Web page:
Hello everyone, I have another tip for you. Have you ever wanted to add additional data to your civil point data?
Well, with Civil 3D® User Defined Property Classification you can add that data. This gives the user the ability to view additional data for the point location.
To add User Defined Property Classification, go to the settings tab and select User Defined Property Classification, right click new > to add the name of the class. That will add the class to the tree.
Next, add the property field type for the data type being attached. String, double, station …… add as many fields as required for your data.
Next, add a point group to accept the User Defined Property Classification data. While in the point group dialog select the summary tab, and in the general section, select the Classification drop-down and select the new class name.
Next, create import/export format that includes fields that correspond to the data being imported. Use the new import format to insert points in the drawing. After the points are inserted select one of the points and right click and select properties. You should see the User Defined Property Classification fields at the bottom of the property dialog.
With these fields attached you can add this data to Civil 3D® point tables. Note that with the use of point tables the data attached is dynamic and the data exposed in the property dialog is also dynamic edit.
Hopefully this additionally displayed data helps while you’re working on your design and in production.
On with another quick-tip today. This is a command that it took me a while to realise how useful it truly is – SELECTSIMILAR.
One of the most fundamental tasks in AutoCAD® is creating your selection to manipulate. There are many ways to select, and generally you’ll end up windowing entities on screen.
But, you must remember that it is not the only way – sometimes you’ll have an idea for what you want to achieve, and often another command isn’t only faster, it’s more semantically correct to use, and therefore less prone to errors that you might make doing it another way.
So in cases where you have objects that are in some way similar (i.e, same layer, type, colour etc), go crazy with the SELECTSIMILAR command. You’ll grow to love it – trust me. There are many different object properties you can use to define what “similar” is. Typing “SE” for settings after invoking the SELECTSIMILAR command brings up this dialog box:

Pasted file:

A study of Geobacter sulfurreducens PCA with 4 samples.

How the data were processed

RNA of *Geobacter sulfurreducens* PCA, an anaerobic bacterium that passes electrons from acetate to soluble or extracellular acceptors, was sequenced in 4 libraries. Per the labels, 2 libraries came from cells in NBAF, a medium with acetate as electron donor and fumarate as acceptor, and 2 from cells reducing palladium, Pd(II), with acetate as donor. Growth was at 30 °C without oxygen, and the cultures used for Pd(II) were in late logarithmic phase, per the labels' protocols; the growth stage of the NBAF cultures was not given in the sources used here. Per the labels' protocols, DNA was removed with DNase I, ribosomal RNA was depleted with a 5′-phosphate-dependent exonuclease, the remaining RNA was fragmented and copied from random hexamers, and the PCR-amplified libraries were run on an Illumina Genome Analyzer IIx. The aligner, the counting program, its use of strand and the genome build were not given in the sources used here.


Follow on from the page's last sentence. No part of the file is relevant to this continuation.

It is worth noting that if you’re using one of the verticals of AutoCAD® such as Civil 3D®, there are actually variants of the SELECTSIMILAR command. For example, right clicking an object and picking the “Select Similar” object actually invokes a different command, namely the AECSELECTSIMILAR command. This variant is not governed by the same settings dialog, and does not appear to have the same level of control – for this reason I personally prefer the good old fashioned SELECTSIMILAR command.
That’s all for today,
P.S. please do subscribe below if you haven’t already – this site is still growing fast and there’s a lot more content to come!
Firstly, many thanks to Mark Pettitt and John Coon for their first posts on HowToAutoCAD.com. A great start to something very positive and beneficial for all.
Secondly, I have a quick-tip for today. I literally used it under 5 minutes ago and it was so useful that I just had to write a post on it immediately.
The LAYDEL command. Using this command you can literally scoop spoonfuls of additional productivity into your work (see what I did there?? hehe).
This command identifies and deletes all entities on a layer, and removes the layer. On it’s own this might not seem very special, but read on… Consider you’re working with LOADS of data… normally you’d perhaps isolate the layer, select all the entities, and delete right? Well, as discussed previously in my guide to what causes AutoCAD® to freeze or crash, this is one of them. Selecting a large number of entities invites AutoCAD® to start “preparing” things, and it is a great way to crash AutoCAD.
Because LAYDEL is a built in AutoCAD® command, it is much MUCH faster than any way of doing the same thing. It’s lightning fast – and that makes me love it ! 😀
That’s all for now,
P.S. I’m going to have to do a top 10 coolest-named AutoCAD® commands… send me your nominations if you like!
Hello, this is my first post on HowToAutoCAD.com. My name is John Coon. I’ve been using AutoCAD® and AutoCAD® civil add-on products for some 25 years. The firm I work for, Hoyle, Tanner & Associates, Inc. works on airport construction projects along the eastern United States. I’ve worked mainly on aviation design projects for the past 20 years. I hope to post general Civil 3D® tips.
Last week while using civil 3D 2011 I somehow lost my Settings tab. Well, what I found out was that using the preview somehow makes the setting tab disappear. I’m not sure why, but to get the settings tab back type “SETTING”. This should restore the missing settings tab.
I’ve tried to reproduce the same on my 2012 install but it doesn’t seem to happen.